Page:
Republicans hire fundraiser who warned Jewish voters that Obama was as dangerous as Nazis


LGM Consulting is helping Republicans raise millions ahead of the 2022 midterm elections.

Several GOP members of Congress are using the services of a fundraiser who was fired by the Pennsylvania Republican Party after he sent an email to voters in the state in 2008 comparing a vote for Barack Obama to Jews' "tragic mistake" in ignoring warning signs prior to the Holocaust.

On Wednesday, ProPublica reported that several Republicans running for office in 2022 are using the services of LGM Consulting, whose principal is longtime Republican political operative Bryan G. Rudnick.

In Oct. 2008, Rudnick sent an email targeted to 75,000 Jewish voters that read, "Jewish Americans cannot afford to make the wrong decision on Tuesday, November 4th, 2008. Many of our ancestors ignored the warning signs in the 1930s and 1940s and made a tragic mistake. Let's not make a similar one this year!"

The email, addressing "Fellow Jewish voters," touched on the possibility of a second Holocaust due to tensions between Israel and neighboring countries and played up the record of Sen. John McCain (R-AZ), the Republican presidential nominee. It also falsely accused Obama of teaching members of the community organizing group ACORN to "commit voter registration fraud."

Rudnick claimed he had the approval of the party to send out the email, but did not provide any names.

The Republicans now reported to be using Rudnick's services are Sens. Josh Hawley (MO) and Rick Scott (FL) and Reps. Lauren Boebert (CO), Marjorie Taylor Greene (GA), and Paul Gosar (AZ).

Also doing business with LGM Consulting is Tom Norton, who is challenging Rep. Peter Meijer in the Republican primary in Michigan's 3rd Congressional District. Meijer voted to impeach Trump after the Jan. 6 attack on the Capitol and was censured by Michigan Republicans for it.

LGM rents out lists of email addresses it has compiled to candidates, providing them with a potentially broader fundraising base.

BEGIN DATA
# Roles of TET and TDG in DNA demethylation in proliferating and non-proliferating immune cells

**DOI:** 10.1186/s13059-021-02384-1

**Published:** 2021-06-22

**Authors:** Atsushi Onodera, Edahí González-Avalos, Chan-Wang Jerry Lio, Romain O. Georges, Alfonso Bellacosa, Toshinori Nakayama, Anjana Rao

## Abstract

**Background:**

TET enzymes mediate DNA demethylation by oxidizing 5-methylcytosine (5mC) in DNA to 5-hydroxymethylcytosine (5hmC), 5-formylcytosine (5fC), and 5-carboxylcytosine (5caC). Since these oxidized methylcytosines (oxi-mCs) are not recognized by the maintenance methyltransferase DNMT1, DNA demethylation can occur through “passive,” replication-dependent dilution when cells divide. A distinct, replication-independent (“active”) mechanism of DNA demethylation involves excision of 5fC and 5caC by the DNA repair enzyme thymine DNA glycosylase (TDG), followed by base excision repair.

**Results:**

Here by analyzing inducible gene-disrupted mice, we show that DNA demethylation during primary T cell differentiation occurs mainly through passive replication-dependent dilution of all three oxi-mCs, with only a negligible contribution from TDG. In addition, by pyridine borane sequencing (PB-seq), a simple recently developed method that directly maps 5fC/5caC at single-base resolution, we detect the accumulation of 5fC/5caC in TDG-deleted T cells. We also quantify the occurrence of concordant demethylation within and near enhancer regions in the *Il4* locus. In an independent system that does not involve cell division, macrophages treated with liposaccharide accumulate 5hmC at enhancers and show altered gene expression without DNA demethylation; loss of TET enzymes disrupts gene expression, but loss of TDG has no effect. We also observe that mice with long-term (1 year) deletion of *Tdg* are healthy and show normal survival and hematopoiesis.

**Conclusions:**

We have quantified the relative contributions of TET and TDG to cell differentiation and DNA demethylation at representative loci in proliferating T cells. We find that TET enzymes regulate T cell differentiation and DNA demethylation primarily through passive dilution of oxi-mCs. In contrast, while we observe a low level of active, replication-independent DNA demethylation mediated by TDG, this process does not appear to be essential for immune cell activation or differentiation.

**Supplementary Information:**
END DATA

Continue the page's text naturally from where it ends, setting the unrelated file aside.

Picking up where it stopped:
Hawley and Greene recently announced large fundraising hauls in the first quarter of 2021 despite the widespread criticism both have attracted in the last few months. ProPublica noted, "That means their headline-grabbing numbers were more the product of expensively soliciting hardcore Republicans than an organic groundswell of far-reaching support," ProPublica noted. Expenditures on list rental were the largest of those reported by the two freshmen members of Congress.

Rudnick's history of controversy goes back further than the campaign against Obama.

In 2001, while working to oppose marriage equality in Massachusetts, Rudnick hired a firm to secure signatures for a ballot measure that would have made same-sex marriage illegal in the state. The firm's staffers connected with the public by telling them about a petition on the prevention of the slaughter of horses for meat production and then slipped the signature page for an anti-marriage equality petition before them when it was time to sign.

Greene and Hawley themselves have been accused of making antisemitic comments.

In a 2018 Facebook post, Greene claimed that a laser from space connected to the Rothschild banking firm was responsible for wildfires in California. Invoking the Jewish Rothschild family has been a staple of antisemitic conspiracy theories since the middle of the 19th century.

After Hawley gave a speech in July 2019, the Anti-Defamation League criticized him for using phrases such as "cosmopolitan elites" and "money changing on Wall Street," pointing out that such terms have "a history of being used to demean Jews and may resonate with extremists."

Hawley said in his speech, "For years the politics of both left and right have been informed by a political consensus that reflects the interests not of the American middle, but of a powerful upper class and their cosmopolitan priorities."

In March, Gosar was a featured speaker at the America First Political Action Conference, a white nationalist event in Orlando, Florida organized by conservative activist Nick Fuentes, who also leads an antisemitic and homophobic group of activists who call themselves "Groypers."

Published with permission of The American Independent Foundation.